My mom said to me recently, “In twenty-five years, none of this [waving arms about to indicate college building] will exist.” We were sitting in her office at the place where she has taught for twenty-five years now; where I have taught, as an adjunct, for four. She paused to look out the window at a lone student smoking, another relic of a former time. “In twenty-five years, all of this will be online. Administrators will realize (if they haven’t already) that it’s much cheaper to have everything online rather than to have to pay to heat and maintain buildings; much easier than having to provide classroom space. I’m sure some private universities will still exist (in the future): the Harvards and the Yales, for research and for the children of the super-rich. But for the rest of us…” — gesturing then towards her computer. “I’m glad I won’t still be teaching in twenty-five years to see that…” And then my mom smiled at me and asked, “Wanna go to lunch?”
When I later told an administrator at another school of my mom’s bleak prognostication — in a tone of I mean, it’s crazy, right? — he just sighed, “Your mom may be right” — as if plans were already in the works, the banners being delivered this afternoon, proclaiming, “Ok, Computers!” Or maybe these acclamations already festoon the hallways of our campuses.
In his short story “The Machine Stops” (1909), E.M. Forster writes of a world in which all human interaction is mediated through the Machine: everyone lives life in a solitary cell, from which one interacts with the rest of the world, with people contained to parallel rooms where all of their needs are similarly met. As Forster notes, this new civilization was in the business of bringing things to people rather than people to things: it was much more efficient this way. Rather than go the mall, order something online and have it delivered. Rather than hang out with friends, chat with them on Facebook. Rather than drive to class, log on to your course from home in your pajamas. It sounds convenient and, for the most part, inexpensive.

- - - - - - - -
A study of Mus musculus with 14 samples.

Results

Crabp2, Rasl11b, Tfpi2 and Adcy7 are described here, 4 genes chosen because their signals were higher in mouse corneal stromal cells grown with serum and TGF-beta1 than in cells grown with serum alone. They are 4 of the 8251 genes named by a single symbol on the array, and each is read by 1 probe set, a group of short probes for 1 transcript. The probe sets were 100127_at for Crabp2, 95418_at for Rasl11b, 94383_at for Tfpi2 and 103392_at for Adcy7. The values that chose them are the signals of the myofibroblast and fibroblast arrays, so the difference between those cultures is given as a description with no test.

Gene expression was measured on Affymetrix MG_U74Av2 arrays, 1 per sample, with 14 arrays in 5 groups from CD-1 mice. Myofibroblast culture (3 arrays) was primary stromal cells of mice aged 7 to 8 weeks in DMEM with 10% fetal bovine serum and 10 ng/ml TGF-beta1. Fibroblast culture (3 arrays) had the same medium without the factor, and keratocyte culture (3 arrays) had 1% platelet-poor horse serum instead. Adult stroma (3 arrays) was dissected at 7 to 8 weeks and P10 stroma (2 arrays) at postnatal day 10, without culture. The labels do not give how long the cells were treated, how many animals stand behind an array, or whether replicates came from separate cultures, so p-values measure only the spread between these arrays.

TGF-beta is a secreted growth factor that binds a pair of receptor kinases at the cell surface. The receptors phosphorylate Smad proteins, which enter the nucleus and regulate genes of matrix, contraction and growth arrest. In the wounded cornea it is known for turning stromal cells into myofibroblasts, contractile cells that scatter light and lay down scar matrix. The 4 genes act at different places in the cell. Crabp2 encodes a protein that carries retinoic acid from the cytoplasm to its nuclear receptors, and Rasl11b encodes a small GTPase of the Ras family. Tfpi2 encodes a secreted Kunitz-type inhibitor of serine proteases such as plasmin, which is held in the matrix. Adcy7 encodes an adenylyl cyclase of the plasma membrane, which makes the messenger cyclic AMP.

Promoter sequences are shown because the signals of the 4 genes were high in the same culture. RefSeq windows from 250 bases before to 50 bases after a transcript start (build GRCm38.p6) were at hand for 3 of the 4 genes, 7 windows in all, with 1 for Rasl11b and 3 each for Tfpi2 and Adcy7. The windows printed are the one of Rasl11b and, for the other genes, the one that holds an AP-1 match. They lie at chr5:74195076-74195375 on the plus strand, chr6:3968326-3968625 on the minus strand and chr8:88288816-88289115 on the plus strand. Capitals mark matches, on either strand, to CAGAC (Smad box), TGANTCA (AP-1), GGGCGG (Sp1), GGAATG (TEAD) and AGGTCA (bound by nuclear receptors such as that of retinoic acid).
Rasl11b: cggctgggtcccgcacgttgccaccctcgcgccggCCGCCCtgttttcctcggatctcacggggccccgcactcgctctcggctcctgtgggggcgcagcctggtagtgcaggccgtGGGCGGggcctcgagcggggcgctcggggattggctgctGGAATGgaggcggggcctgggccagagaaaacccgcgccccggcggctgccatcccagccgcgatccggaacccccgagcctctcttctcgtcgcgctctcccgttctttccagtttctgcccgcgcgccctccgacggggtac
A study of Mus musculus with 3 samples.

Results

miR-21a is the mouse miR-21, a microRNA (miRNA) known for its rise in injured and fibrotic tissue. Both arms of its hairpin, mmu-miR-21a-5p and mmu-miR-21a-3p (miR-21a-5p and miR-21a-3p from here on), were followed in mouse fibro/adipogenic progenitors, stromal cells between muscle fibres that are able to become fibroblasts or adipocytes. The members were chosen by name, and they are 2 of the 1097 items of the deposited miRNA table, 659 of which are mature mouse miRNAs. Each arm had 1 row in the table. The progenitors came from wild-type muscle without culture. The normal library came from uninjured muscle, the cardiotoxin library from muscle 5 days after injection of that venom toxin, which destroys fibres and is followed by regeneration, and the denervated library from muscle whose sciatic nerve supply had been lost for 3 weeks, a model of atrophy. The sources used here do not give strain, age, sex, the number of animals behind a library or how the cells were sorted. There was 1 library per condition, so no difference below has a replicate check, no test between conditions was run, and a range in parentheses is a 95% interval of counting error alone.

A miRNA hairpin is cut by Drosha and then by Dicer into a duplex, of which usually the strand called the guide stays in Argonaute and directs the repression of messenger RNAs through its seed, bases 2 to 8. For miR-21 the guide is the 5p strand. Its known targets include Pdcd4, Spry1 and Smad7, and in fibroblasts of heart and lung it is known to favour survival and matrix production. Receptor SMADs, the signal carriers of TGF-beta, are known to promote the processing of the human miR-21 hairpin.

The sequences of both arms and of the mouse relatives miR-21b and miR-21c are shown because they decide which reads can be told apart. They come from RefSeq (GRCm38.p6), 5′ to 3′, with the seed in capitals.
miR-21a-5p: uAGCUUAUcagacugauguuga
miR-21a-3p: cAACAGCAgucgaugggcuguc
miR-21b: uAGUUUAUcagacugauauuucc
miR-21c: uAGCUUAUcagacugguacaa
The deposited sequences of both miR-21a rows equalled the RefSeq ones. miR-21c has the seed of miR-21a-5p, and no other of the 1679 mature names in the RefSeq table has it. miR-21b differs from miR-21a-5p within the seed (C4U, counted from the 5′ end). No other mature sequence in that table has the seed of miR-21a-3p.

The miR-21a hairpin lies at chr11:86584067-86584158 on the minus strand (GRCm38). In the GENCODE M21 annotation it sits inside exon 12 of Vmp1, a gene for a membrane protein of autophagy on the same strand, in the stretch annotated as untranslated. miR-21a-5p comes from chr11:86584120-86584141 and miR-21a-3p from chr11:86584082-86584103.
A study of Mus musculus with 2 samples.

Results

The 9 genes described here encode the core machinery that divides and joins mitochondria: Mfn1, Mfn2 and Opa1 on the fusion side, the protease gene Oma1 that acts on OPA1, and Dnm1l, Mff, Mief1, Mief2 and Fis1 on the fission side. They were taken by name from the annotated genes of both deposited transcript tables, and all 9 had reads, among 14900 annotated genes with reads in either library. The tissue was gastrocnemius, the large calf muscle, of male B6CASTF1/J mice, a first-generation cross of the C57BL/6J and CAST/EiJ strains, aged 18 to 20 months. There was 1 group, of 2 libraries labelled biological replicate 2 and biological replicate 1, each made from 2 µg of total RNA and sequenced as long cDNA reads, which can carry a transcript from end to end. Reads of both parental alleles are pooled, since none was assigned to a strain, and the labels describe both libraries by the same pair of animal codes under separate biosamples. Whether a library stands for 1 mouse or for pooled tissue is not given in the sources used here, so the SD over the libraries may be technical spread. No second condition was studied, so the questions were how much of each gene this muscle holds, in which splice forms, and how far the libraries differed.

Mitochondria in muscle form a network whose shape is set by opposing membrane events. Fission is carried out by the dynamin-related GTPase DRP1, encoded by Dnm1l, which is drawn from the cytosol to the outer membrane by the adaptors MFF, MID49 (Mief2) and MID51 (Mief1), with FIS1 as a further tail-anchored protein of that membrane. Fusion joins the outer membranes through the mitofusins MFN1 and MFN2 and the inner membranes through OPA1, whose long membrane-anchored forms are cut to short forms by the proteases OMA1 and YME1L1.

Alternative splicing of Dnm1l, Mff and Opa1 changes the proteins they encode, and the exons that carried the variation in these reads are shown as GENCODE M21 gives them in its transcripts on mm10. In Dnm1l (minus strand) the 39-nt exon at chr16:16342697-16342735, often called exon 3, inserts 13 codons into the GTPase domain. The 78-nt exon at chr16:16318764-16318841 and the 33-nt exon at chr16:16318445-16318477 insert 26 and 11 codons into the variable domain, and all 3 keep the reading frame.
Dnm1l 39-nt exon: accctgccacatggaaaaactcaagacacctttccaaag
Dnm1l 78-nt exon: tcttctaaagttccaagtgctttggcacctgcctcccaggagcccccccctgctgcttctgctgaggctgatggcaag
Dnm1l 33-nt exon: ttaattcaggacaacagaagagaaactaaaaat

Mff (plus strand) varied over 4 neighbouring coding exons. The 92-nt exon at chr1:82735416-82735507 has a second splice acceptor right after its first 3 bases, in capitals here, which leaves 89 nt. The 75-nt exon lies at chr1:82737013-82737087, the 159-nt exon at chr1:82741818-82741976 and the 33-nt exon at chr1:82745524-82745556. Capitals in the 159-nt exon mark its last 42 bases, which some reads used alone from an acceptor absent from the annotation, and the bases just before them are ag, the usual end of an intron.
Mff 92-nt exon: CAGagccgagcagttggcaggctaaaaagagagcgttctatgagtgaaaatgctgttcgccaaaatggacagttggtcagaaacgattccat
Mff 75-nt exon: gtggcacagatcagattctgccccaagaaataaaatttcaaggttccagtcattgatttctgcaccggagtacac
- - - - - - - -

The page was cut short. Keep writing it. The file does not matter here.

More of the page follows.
The inciting moment of Forster’s story is when Kuno asks his mother to come visit him, in person. “I want to see you not through the Machine,” says Kuno. “I want to speak to you not through the wearisome Machine.”
His mother responds: “You mustn’t say anything against the Machine.” And so, for the most part, we haven’t.
Now, as we enter these dyspeptic winter months, and I remind my traditional students to sign up for “text alerts” in order to be immediately notified of school cancellations, my online students know that the machine never stops: online classes prevail no matter what the weather. As the snow begins to fall and I look up from my computer at home, I shake my fist and scorn, “Do your worst, Mother Nature! You shall not deter us from our stated [online] course!” This, too, makes my life more convenient/efficient if a bit less exciting; after all, as a teacher I still long for at least one or two snow days myself. But just as the snow begins to fall, the green “snowflake” notification lights up in Blackboard indicating new mail. “Back to work,” the Machine demands. So I close the window blinds, shutting out the distracting scene…
(In Forster’s future, people grow intolerant of looking outside. Everything important is contained on a screen, they believe. They come to believe in the Machine above anything else…)
When I returned to a real-life classroom last week for my first face-to-face class this semester, my mom’s words still echoing in my ears (the ones about all colleges will be online), I imagined all of the desks and chairs replaced by aisles and aisles of cold, clean, uniform computer servers, blinking and clicking away in the darkness. Perhaps this seems an inevitable if somewhat unenviable future for us… (Lunch, anyone?)
Next time: “The Future of Online Education (Part II): Life Inside the Machine”
About the Teacher in Pajamas: Rich Russell received a B.A. in English from New York University, an M.S. in Teaching from The New School, and an M.A. in English from University College London. He currently teaches composition, literature, and creative writing classes (both online and in person) at Atlantic Cape Community College and The Richard Stockton College of New Jersey. He received the Adjunct Faculty Award for Teaching Excellence from Atlantic Cape in 2010.